SANTA BARBARA, Calif. — A wildfire raging through Southern California coastal mountains threatened ranches and rural homes and kept a major highway shut down Wednesday as the fire-scarred state faced a new round of dry winds that raise risk of flames.
The Alisal Fire covered more than 22 square miles (57 square kilometers) in the Santa Ynez Mountains west of Santa Barbara, and the number of firefighters was nearly doubled to 1,300, with more on the way. Containment remained at 5%.
While the scenic region along the Pacific shoreline is lightly populated, the blaze was a threat to more than 100 homes, ranches and other buildings, fire officials said.
Fire crews were protecting Rancho del Cielo, which was once owned by Ronald and Nancy Reagan and was known as the Western White House during his presidency. The 688-acre (278-hectare) ranch where Reagan hosted world leaders sits atop the mountain range, above the flames feeding on dense chaparral and grasses.
Based on staff reports from the ranch, the fire was about a half-mile (0.8 kilometers) away late Wednesday morning, but that section of the blaze was not as active as others, said Jessica Jensen, vice president and chief of staff of the Young America’s Foundation, which now operates the ranch.
“We are thankful that there has been no fire activity on the actual Reagan Ranch property. The Ranch, itself, is still in a very defensible position,” Jensen said in an email to The Associated Press.
The area hadn’t burned since 1955, according to the conservative youth organization.
Fire engines were on the ranch property and fire retardant will be sprayed around its structures, the foundation said in a statement. It noted that helicopters have filled up with water from one of the ranch’s two lakes.
“Young America’s Foundation has emergency personnel on site, and our fire suppression systems are tested and ready to go,” it said.
Crews also protected an Exxon/Mobil gas processing facility in a canyon surrounded by flames.
The fire erupted Monday near the Alisal Reservoir, and powerful winds from the north swept the flames down through the mountains, forcing the closure of U.S. 101 in western Santa Barbara County. At one point, the fire jumped the four-lane highway and reached a beach. The closure has forced motorists to take a circuitous detour on smaller routes.
Firefighters working in steep, rugged terrain got help from more than a dozen water-dropping air tankers and helicopters that returned to the skies amid calmer daytime winds, said Andrew Madsen, a spokesman for the U.S. Forest Service.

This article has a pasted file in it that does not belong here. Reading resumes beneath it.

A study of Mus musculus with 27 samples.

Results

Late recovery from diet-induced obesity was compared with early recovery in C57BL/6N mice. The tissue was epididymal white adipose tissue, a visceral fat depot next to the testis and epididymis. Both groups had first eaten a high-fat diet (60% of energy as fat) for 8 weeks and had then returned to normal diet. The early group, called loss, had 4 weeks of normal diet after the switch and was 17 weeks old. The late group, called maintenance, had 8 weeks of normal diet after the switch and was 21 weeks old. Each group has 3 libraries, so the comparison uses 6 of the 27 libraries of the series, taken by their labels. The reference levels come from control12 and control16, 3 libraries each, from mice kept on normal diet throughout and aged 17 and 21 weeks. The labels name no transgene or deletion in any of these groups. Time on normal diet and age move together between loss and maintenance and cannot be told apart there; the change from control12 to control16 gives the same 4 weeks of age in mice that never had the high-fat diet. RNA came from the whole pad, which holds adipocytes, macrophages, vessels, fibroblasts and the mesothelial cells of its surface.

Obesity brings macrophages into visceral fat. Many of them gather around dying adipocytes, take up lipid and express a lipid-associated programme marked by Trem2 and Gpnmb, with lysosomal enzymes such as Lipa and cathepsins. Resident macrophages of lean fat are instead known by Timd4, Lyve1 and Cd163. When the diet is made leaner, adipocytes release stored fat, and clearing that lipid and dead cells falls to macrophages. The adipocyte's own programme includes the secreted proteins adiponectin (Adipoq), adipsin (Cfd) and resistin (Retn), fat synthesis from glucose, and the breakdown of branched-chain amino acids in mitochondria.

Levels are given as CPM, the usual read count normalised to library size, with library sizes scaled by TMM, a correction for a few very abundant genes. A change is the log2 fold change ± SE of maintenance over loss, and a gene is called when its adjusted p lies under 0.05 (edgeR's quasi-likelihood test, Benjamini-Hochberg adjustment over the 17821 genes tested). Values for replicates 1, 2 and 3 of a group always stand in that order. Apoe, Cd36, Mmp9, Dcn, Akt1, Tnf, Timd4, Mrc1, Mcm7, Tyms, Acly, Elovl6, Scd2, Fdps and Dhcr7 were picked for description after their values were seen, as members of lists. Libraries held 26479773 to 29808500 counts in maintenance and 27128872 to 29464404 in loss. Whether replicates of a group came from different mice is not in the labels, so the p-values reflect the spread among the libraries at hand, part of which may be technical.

“The aircraft are probably going to get shut down later this afternoon when the big winds return,” he said.
The National Weather Service said there would be a new round of south Santa Barbara County’s notorious Sundowner winds Wednesday night, and other parts of California also were expected to experience increased fire danger.
Red flag warnings were expected to go into effect in the interior of Northern California on Thursday due to gusts and low humidity levels. Forecasters also planned to issue a fire weather watch Friday in parts of Southern California due to the predicted development of Santa Ana winds.
Pacific Gas & Electric said it would likely have to shut off electricity to targeted portions of 13 Northern California counties on Thursday to prevent wildfires from being ignited by wind damage to power lines. The utility just restored power to about 25,000 customers who had their electricity shut off due to Monday’s windstorm.
California wildfires have scorched nearly 3,900 square miles (10,101 square kilometers) this year and destroyed more than 3,600 homes, businesses and other structures, according to the state Department of Forestry and Fire Protection.
A historic drought in the American West tied to climate change is making wildfires harder to fight. It has killed millions of trees in California alone. Scientists say climate change has made the West much warmer and drier in the past 30 years and will continue to make weather more extreme and wildfires more frequent and destructive.